North Carolina GOP to attempt swift override of governor's abortion veto
North Carolina’s Republican-controlled legislature on Tuesday will attempt to quickly override the governor’s veto of legislation banning nearly all abortions after 12 weeks of pregnancy in a consequential test of unity for the party's recently attained supermajority.
The Senate plans to first consider an override Tuesday afternoon, according to Senate leader Phil Berger. House Speaker Tim Moore’s chief of staff said the speaker then aims to complete the override later in the day should Senate Republicans be successful.
Democratic Gov. Roy Cooper vetoed the bill over the weekend in an unconventionally public ceremony after spending last week traveling around the state to convince one or more Republicans to uphold his expected veto.
He singled out four GOP lawmakers — one in the Senate and three in the House — whom he said made “campaign promises” to protect abortion access. Among them is Rep. Tricia Cotham, whose recent switch from the Democratic Party to the GOP gave House Republicans the one additional vote they needed for veto-proof majorities in both chambers.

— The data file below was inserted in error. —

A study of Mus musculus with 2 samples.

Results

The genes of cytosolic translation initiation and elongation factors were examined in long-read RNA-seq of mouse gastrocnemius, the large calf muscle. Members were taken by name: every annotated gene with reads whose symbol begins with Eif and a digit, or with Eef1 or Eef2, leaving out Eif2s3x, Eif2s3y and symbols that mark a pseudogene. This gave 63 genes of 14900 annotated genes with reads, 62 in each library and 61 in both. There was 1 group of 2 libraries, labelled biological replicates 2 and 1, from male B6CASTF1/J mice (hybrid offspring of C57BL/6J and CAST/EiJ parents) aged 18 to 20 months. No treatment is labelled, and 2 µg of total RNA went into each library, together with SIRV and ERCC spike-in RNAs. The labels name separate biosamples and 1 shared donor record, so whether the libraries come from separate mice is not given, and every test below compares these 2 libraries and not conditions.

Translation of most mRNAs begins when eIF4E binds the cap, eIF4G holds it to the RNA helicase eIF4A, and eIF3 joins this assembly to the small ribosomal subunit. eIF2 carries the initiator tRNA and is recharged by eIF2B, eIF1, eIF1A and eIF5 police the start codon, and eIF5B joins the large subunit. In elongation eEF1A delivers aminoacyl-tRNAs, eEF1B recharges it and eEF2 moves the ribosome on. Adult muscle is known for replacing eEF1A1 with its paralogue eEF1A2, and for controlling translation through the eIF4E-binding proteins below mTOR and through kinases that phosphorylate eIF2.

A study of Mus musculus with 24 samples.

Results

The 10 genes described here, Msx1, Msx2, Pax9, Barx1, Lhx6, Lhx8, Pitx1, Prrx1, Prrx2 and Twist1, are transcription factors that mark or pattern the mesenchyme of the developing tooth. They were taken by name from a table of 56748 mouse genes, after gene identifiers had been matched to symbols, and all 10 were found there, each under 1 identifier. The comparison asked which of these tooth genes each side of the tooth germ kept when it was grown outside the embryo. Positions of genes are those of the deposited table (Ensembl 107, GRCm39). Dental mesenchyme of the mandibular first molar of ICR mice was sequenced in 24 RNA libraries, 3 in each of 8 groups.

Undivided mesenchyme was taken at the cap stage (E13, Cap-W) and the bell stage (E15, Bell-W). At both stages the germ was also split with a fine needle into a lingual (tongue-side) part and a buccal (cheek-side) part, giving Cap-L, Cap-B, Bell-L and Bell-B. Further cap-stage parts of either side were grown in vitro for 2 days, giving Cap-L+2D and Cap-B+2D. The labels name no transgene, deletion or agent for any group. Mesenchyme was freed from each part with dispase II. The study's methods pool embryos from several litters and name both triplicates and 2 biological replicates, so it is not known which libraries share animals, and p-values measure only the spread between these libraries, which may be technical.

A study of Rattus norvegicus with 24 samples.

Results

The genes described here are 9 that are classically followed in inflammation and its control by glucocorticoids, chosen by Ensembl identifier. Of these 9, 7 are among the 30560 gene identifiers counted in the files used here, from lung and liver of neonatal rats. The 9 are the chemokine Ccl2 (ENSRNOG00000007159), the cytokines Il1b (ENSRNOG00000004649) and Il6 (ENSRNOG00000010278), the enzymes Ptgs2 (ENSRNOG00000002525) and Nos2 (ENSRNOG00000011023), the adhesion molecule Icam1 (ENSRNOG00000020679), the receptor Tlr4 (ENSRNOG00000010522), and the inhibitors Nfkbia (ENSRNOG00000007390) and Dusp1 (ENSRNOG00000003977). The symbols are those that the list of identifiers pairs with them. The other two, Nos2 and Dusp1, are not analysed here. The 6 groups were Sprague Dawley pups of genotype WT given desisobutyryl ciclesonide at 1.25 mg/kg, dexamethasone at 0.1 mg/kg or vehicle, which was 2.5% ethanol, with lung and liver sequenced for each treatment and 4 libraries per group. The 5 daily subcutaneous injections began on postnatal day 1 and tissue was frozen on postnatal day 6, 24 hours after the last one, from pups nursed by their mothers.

Both the House and Senate passed the bill along party lines this month, signaling an override could be successful. While GOP leaders in both chambers say they're confident they have the votes, some uncertainty lingers in the House, where another key Republican called out by Cooper was absent for the original vote and has declined to comment on the bill.
Republicans have pitched the measure as a middle-ground change to state abortion laws developed after months of private negotiations between their House and Senate members. It adds exceptions to the 12-week ban, extending the limit through 20 weeks for cases of rape and incest and through 24 weeks for “life-limiting” fetal anomalies.
But Cooper has repeatedly said the details contained in the 47-page bill show that the measure is not a reasonable compromise and would instead greatly erode reproductive rights for North Carolinians and others who have become dependent on the state for abortions later in pregnancy.
Copyright 2023 North Carolina Public Radio. To see more, visit North Carolina Public Radio.